In cryptography, particularly when forging transient identities or unguessable capabilities, randomly-generated numbers are an essential ingredient of many recipes. A swissnum, or “Swiss number”, is a randomly-generated number of bits. Unlike a nonce, which must only be used once, a swissnum is intended to identify a persistent agent.

The etymology of the word “swissnum” comes from the concept of numbered “Swiss bank accounts”. A numbered bank account yields no identity information about the agent behind the number. Additionally, in Hollywood, there is a trope of Swiss banks permitting access to a numbered account to any agent which holds the account numbers. Both of these ideas are manifest in swissnums.

A swissnum can be a simple yardstick of guessability. Given a swissnum of bits, the likelihood of guessing it on any given trial is . We can say that the difficulty of guessing the swissnum is .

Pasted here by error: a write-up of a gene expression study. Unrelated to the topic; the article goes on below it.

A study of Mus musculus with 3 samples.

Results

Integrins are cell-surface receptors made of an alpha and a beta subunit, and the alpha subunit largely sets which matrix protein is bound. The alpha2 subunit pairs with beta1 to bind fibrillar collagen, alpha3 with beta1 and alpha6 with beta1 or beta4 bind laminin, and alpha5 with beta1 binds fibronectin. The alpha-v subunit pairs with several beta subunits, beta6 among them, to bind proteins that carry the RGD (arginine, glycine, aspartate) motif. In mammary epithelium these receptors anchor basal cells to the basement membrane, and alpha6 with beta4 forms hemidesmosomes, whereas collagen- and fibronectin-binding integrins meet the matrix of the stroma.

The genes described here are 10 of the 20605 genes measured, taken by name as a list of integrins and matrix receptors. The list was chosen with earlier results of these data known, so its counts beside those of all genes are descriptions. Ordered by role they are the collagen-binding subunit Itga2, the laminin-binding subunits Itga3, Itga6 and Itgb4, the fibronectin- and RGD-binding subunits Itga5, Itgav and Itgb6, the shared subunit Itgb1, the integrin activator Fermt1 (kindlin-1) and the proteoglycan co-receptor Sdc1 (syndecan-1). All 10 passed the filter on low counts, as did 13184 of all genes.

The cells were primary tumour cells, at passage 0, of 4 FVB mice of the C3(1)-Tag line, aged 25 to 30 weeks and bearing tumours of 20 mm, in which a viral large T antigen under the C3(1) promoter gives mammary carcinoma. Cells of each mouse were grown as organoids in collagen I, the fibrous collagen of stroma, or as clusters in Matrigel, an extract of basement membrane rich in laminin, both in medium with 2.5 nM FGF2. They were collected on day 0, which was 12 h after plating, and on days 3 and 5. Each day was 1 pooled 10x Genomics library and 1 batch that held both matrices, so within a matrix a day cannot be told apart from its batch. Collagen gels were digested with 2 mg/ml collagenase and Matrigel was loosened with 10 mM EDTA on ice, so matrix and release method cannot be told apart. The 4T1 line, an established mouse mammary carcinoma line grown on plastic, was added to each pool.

As an example, how difficult would Gregory’s employer’s bank account be, if it were a decimal-encoded swissnum? It would be in the range , and , so it would be as difficult as a 53-to-56-bit swissnum.


Returning to Hollywood, how is it that a swissnum could both be a closely-held secret and also an identifier? To avoid the Social Security number mistake, we outline a basic recipe for assigning swissnums to objects in the context of an agent who exports objects.

First, let us assign a random base swissnum to each object. The agent keeps a mapping of bases to objects. Then, we create an export swissnum for each base swissnum by applying a cryptographic hash function :

Now, the agent may use to identify an object, and export that identifier to other agents, without compromising the corresponding base swissnum.

This is only a single possible construction; there are others.